Ready when the time comes
But that’s fine with the 12th-year veteran, a defensive specialist who’s more likely to impact the opposing team’s box score than catch your attention with his stat line. He says his job is to simply be ready when called upon.
That includes situations like Saturday night’s exhibition tilt with the New York Knicks in Albany, N.Y. With Boston holding out Kevin Garnett (rest), Darko Milicic (wrist), and Brandon Bass (knee), Collins got thrust into a spot start.
The soon-to-be 34-year-old quietly chipped in four points (hitting the only shot he took) and three rebounds over 9:49. He started both halves and watched as Boston rallied from as much as a 20-point deficit to top the Knicks 109-98 at the Times Union Center.
The Knicks, playing without Amare Stoudemire, Tyson Chandler, Rasheed Wallace, and Marcus Camby, stayed small most of the night, forcing the Celtics to match and limiting Collins time on the floor.
Collins knows his minutes with come in that sort of sporadic chunks this season and will likely depend heavily on situational opportunities. But don’t let that diminish Collins’ potential impact. When you’re a 12th man on a championship-caliber team, it’s important to have a specific strength and be able to keep yourself ready.
Boston’s 2007-08 championship team had a couple guys like that, one of which was Brian Scalabrine. Which is appropriate for this Collins discussion. Allow Paul Pierce to explain.
“Scal always brags about [Collins], he thought he was the best post defender in the NBA,” said Pierce. “He always mentioned that. [Collins is a] solid veteran, he’s not going to be asked to play big minutes for us, but he’s a true professional. He’s in the gym, he’s staying ready in the weight room, keeping his body in shape. He’s going to be called upon at some point in this season to probably play some big minutes and we know he can be a solid contributor for us.”
Echoed bench leader Jason Terry: “[Collins is] an extra big man, a guy we're going to need, a big body, defender. Offensively, he's always in the right place. He's very smart and intelligent, so he's a guy that you're going to count on and depend on during the year."
Collins’ offensive limitations are well documented. Heck, he scored just 39 points all of last season in 30 regular-season appearances for the Atlanta Hawks (a third of which were starts). He averaged just 0.684 points per play last season, ranking in the 10th percentile among all NBA players, according to Synergy Sports data.
But Collins can defend. Last season he ranked in the 88th percentile, limiting opponents to 0.748 points per play and just 36.4 percent. The so-called Dwight Stopper can hold his own, particularly against some of the league's best big men, and Boston is likely to find minutes to him in an Atlantic Division that features potent front lines, most notably the 76ers adding Andrew Bynum.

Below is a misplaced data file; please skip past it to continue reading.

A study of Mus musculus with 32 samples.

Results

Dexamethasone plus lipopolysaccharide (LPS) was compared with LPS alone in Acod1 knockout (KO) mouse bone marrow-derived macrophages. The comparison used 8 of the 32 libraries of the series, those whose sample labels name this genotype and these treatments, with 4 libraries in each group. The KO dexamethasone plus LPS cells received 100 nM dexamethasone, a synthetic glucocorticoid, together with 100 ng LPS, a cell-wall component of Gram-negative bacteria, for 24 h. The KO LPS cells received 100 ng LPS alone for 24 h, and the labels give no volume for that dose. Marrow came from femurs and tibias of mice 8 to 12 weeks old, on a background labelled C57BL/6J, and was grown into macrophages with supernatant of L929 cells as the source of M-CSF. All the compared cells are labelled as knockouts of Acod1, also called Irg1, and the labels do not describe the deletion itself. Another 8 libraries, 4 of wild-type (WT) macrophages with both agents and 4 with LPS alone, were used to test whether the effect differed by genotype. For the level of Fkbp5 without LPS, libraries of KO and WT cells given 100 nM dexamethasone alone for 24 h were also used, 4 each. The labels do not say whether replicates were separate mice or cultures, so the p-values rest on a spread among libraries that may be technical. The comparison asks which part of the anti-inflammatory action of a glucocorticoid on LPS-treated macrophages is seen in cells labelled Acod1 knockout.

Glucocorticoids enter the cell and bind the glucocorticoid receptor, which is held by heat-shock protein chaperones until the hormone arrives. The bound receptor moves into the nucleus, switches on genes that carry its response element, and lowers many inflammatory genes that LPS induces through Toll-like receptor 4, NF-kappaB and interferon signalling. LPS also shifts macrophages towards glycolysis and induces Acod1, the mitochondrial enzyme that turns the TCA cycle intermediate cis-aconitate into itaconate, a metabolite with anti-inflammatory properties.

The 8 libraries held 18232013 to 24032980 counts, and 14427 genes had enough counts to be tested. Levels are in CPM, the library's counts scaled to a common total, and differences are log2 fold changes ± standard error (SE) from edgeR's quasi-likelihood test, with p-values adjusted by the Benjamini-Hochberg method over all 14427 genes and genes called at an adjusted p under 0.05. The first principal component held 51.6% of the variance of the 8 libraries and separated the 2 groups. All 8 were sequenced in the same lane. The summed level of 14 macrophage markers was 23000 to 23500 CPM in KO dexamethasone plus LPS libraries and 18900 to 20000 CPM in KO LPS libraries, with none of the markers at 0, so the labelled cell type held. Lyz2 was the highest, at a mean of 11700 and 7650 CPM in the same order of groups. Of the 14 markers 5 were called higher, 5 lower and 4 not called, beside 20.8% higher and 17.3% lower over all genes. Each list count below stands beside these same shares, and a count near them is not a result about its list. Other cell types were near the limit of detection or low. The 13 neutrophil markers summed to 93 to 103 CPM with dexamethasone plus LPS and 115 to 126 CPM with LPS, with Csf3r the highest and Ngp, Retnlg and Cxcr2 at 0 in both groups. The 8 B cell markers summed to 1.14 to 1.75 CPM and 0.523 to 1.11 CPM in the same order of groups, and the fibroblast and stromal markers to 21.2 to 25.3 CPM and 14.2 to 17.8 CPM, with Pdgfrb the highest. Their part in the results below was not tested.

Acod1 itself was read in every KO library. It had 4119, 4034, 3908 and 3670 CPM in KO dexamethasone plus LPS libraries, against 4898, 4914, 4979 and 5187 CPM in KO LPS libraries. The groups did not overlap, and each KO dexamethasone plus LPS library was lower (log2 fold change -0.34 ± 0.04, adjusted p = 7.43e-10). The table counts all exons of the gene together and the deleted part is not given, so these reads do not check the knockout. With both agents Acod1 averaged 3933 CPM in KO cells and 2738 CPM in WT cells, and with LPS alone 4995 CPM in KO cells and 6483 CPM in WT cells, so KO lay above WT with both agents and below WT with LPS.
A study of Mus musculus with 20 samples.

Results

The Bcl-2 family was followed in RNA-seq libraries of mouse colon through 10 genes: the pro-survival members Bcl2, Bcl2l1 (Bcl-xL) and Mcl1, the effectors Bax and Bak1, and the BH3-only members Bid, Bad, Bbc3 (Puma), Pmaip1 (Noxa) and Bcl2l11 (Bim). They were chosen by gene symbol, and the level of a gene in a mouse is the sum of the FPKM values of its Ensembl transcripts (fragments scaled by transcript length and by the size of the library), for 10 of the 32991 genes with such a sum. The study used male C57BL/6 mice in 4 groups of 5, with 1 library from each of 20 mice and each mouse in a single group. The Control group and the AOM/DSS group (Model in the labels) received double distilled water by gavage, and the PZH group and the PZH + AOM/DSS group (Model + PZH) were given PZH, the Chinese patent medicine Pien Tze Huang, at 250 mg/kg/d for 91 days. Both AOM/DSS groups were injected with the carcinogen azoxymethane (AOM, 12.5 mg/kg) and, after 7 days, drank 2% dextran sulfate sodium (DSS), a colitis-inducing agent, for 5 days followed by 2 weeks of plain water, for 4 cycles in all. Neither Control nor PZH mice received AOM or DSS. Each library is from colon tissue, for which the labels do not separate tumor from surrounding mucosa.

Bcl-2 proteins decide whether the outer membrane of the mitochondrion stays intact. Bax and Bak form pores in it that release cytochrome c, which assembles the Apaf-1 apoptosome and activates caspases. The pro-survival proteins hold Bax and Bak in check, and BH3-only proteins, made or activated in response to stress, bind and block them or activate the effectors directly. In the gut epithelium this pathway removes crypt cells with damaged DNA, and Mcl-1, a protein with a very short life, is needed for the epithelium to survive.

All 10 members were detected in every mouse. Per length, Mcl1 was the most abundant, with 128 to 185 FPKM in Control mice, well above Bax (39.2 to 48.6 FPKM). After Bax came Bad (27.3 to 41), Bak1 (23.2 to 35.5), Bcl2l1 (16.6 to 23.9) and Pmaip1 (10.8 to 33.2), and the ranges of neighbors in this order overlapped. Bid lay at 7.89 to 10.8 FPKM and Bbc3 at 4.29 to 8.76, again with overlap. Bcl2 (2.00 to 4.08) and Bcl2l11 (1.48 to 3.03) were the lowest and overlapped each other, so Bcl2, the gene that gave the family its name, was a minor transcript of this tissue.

"My role is to be ready,” said Collins. “I never know what night my name and number is going to be called, but my job is to go out there, be physical, play solid defense, and contribute on the offensive end whenever possible. We have a lot of scorers. I don't think they'll be counting on me for that. But as far as going out there and guarding the Dwight Howards, the Andrew Bynums in this league, that's my job."
The 7-foot Stanford product also brings smarts to the floor. Not only is he going to be ready when called upon, he’s not going to be a liability.
“He’s a solid pro, first-off,” said assistant coach Armond Hill. “When he comes out there he’s going to rebound, he’s going to set picks. He understands the plays, he knows all the plays already. So he’s a guy you don’t have to call anything for, but he’s going to do all the little things. He’s going to do all the dirty work, really. So, he’s valuable.”
If nothing else, Collins provides six hard fouls (and his unique No. 98 jersey will be no fun for referees to have to signal to the scorer’s table). But don’t sleep on his overall impact.
“Going into [last] season, I was the third center [in Atlanta], and then with injuries and everything, I'm the starting center against Kevin Garnett [in the playoffs] and just showed that I'm always ready,” said Collins. “For me, it's always about being a professional and always being ready."
A professional attitude for a player who said he’s here -- playing on a minimum contract -- for one reason: To help win a championship.
“It's an opportunity to play for Doc Rivers and playing with Hall-of-Famers, and this is my best opportunity to win an NBA championship,” said Collins. “We have a lot of depth on this team, so a lot of guys who could be playing a lot of big minutes some place else, are all buying in and sacrificing and trying to win a title."
Play Podcast ESPN NFL analyst Herm Edwards covers Darrelle Revis' new deal, concerns with Josh McCown, the Jets' potential, whether a team would try to recruit Tony Gonzalez and more.
Play Podcast Keith Olbermann welcomes Jeff Pearlman to the show. Plus, more on the Patriots' signing of Darrelle Revis and Kobe Bryant's comments about the Lakers' management.
Play Podcast Buster Olney chats with Mark Bowman about the Braves' deal with Ervin Santana. Plus, Jayson Stark on issues with replay, Keith Olbermann's comments on Barry Bonds and more.
Play Podcast Grantland's Bill Simmons discusses the state of the Lakers, Phil Jackson's future, the perception of Rajon Rondo, Doc Rivers' impact on the Clippers and more.
Play Podcast Red Sox manager John Farrell talks about whether he expected his team to make such a turnaround in one season, his relationship with his players, fans' expectations for the squad and more.